Over at the New York Times, Katrin Beinnhold writes about the experience her husband and she had when they reversed typical gender roles as parents:
I did something countless men do — in the military, on oil rigs, as consultants or even correspondents — in following a professional calling and temporarily living apart from the family. But few mothers of young children (at least in the West) have or make this choice, and few working dads are primary caregivers.
Her physical separation from her children made it necessary that her husband take on responsibilities which typically fall to the mother: diapering, midnight feedings, midday emergency room visits, and the like. This served as both a blessing and a curse. Beinnhold speaks of the empowerment her husband felt and the liberation she experienced at the hands of their “gender reset”. But she also describes the “sting of rejection when a child strains to be soothed by the other parent” and recalls her father-in-law describing her husband as “…look[ing] gray. I’ve never seen him so tired.”
Ultimately, though, she adds to the growing chorus of people who are willing to challenge traditional gender roles in parenting and demonstrate that families and children can grow happily and healthily with any combination of parenting roles. This is a message I wholly support. And a movement of which I am a part: my wife returned to work last week, leaving me as the primary care giver for the rest of my summer break.
But then she goes and does something weird. She culminates her piece with a flourish that completely undermines the entirety of her argument. She says:
But as the past year showed, fathers can be mothers, too.
I think I understand what Beinnhold was going for here. Unfortunately, I think it was a big swing and a miss. While facing the wrong direction. And holding the bat upside down.
Fathers, even those like her husband who spend extended periods as the primary caregiver, are not mothers. If we declare that fathers who take on the caregiver role are not really fathers, but are some sort of mothers-in-disguise, than we are not really challenging gender roles; we are simply wedging men into the traditional female role. We are still defining that role as the mother’s, one the man might take on, but still the realm of mom.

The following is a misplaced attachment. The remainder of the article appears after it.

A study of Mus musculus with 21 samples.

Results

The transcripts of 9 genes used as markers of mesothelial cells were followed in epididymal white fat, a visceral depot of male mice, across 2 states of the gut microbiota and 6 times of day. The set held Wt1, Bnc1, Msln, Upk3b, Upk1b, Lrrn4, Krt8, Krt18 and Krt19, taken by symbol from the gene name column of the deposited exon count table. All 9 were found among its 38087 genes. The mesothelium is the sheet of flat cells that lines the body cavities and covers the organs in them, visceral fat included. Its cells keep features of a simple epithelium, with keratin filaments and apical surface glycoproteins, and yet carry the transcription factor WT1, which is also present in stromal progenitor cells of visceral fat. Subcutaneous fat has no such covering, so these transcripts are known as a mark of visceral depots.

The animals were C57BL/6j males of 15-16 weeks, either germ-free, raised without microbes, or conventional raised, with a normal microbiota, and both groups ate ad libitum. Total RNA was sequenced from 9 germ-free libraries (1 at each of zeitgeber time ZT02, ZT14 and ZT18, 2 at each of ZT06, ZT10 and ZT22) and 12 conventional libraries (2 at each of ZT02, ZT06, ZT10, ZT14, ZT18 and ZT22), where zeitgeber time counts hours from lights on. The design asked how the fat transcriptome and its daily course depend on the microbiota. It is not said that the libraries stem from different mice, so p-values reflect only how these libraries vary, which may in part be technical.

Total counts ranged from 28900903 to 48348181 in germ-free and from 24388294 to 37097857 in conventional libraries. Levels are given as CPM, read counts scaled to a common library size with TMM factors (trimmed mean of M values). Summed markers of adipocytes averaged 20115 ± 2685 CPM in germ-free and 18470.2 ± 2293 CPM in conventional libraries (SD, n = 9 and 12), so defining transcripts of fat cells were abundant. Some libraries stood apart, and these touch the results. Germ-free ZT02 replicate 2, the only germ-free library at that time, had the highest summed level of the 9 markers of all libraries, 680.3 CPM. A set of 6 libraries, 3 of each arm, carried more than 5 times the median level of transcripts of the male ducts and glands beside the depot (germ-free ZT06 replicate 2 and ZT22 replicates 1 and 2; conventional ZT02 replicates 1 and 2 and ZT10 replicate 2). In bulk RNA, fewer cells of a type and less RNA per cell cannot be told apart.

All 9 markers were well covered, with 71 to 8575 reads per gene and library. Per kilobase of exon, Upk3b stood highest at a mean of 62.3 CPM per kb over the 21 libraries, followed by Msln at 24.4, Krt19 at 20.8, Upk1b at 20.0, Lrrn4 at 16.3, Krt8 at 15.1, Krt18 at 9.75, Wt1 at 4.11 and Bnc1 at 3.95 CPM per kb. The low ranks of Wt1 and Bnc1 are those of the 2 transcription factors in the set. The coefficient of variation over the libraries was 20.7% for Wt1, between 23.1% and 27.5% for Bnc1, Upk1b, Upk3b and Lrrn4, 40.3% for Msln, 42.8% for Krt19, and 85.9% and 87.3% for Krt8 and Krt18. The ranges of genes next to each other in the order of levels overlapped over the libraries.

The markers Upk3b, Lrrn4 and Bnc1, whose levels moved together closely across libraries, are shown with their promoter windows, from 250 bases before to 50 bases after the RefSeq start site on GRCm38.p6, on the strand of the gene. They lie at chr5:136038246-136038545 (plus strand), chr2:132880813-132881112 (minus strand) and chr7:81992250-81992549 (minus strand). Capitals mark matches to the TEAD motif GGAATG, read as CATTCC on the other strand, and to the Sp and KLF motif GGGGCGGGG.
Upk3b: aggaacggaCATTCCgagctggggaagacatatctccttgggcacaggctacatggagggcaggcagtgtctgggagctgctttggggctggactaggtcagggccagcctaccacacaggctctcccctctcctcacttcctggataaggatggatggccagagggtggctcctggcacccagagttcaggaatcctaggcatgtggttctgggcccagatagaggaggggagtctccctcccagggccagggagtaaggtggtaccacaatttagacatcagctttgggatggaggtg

Fathers are not mothers. Even those who are primary caregivers, who wake up for midnight feedings, whose children utter “Dada” before “Mama”, who remember the diaper cream. They are fathers. They are fathers who do all those things, but fathers nonetheless. Challenging gender norms means abandoning the notion that we ought to have gender norms. It is not simply the adoption of a non-traditional role, but recognizing that each individual and couple ought to define for themselves what their role will be, free of society’s constructs and pressures.
I reject the “Mr. Mom” moniker. I am not Mr. Mom. I am not any type of mom. I will never be Mayonnaise’s mom. I am his father. And always will be. Zazzy is his mother. And always will be. Her return to work, where she is the primary breadwinner, does not change that. My time at home, changing diapers and battling through tummy time, doesn’t make me a mother. It makes me a father. A different sort of father than my father was. But a father all the same.